I'll be honest. I had absolutely no idea what to expect when I walked into MMC6936: Digital Storytelling. I felt confident in my ability to report the news, go in-depth, and create quality pieces of work. But that's for television. The online platform brings in so many elements of storytelling it's hard to keep track. Once I was able to look through the syllabus, I knew I had my work cut out for me.
I'm totally unfamiliar with DSLR cameras, and I'll admit I'm afraid that because of the experience I do have in this field, I'll be expected to perform just as well with this new equipment. I'm also somewhat new to AP style and web writing as opposed to writing for broadcast. Not to mention I have two other graduate courses, an internship, two jobs, and a teaching assistant position. Regardless, I'm excited to see how this class improves my storytelling abilities!
For our first assignment, we read a few chapters of "Aim for the Heart" (3rd Edition) by Al Tompkins. I've read the 2nd edition, and I have to say I'm a huge fan of this book. Immediately I was hooked to the concept of breaking stories up into a list of possible topics. Even the most minute detail can be an entire story. Such a simple concept, yet easy to forget. Tompkins example of "Christmas in Korea" made me want to watch that documentary too for inspiration.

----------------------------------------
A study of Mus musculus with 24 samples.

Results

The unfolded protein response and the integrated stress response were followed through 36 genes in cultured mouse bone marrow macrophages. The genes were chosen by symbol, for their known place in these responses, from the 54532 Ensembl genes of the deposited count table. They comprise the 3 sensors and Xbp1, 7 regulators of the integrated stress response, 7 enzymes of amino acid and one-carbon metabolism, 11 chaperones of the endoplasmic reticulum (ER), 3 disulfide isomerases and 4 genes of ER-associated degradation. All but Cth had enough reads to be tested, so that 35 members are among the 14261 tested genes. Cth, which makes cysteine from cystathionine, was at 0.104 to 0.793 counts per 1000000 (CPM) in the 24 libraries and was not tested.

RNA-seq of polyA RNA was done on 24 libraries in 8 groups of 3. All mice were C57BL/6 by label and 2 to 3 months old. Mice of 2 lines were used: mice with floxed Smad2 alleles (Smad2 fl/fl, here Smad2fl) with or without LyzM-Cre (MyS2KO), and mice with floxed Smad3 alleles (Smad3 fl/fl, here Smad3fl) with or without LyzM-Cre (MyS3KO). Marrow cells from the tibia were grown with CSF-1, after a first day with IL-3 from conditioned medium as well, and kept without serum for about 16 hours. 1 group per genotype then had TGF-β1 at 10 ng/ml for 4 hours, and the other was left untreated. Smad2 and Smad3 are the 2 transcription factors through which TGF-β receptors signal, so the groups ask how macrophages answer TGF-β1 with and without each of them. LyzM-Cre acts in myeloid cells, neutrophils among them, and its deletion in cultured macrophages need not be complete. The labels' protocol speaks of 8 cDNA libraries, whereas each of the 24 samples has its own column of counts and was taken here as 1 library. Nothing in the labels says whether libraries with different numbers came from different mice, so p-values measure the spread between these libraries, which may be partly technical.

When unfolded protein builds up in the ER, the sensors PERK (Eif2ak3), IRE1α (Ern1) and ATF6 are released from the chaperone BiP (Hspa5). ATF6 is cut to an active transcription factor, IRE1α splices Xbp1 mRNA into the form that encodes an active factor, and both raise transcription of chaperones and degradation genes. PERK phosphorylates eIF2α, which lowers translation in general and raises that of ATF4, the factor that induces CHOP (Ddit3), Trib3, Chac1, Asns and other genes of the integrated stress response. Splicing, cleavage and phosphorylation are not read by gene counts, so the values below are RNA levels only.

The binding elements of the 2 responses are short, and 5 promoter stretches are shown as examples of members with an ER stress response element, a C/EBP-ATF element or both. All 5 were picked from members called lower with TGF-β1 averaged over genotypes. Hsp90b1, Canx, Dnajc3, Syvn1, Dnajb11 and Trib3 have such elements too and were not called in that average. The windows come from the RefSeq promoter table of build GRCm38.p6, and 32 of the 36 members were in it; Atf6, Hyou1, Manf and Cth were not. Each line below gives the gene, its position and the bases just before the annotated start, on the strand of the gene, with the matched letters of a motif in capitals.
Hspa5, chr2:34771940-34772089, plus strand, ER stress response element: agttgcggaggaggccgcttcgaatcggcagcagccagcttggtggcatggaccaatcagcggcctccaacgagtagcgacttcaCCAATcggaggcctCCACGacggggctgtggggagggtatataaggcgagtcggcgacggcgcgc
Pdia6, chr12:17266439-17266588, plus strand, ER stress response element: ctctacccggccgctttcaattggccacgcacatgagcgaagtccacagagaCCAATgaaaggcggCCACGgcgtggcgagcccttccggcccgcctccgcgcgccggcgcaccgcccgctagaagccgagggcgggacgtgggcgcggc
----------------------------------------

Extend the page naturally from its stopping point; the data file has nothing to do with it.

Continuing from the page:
Something I've always wanted to become good at is what Boyd Huppert called "gold coins." I've also seen them called "reveals." I can see how easily they draw viewers/listeners/readers into the story. I also found Tompkin's "Upside Down" method of framing stories to be really useful as well. Again, so simple and so easy to forget.
Perhaps the most unfamiliar part of this reading was the chapter on photos. I was amazed when Tompkins wrote "photojournalism has the power to influence foreign policy and even military actions." I hope just from these few chapters I can already start improving my writing and photography and one day make that kind of impact.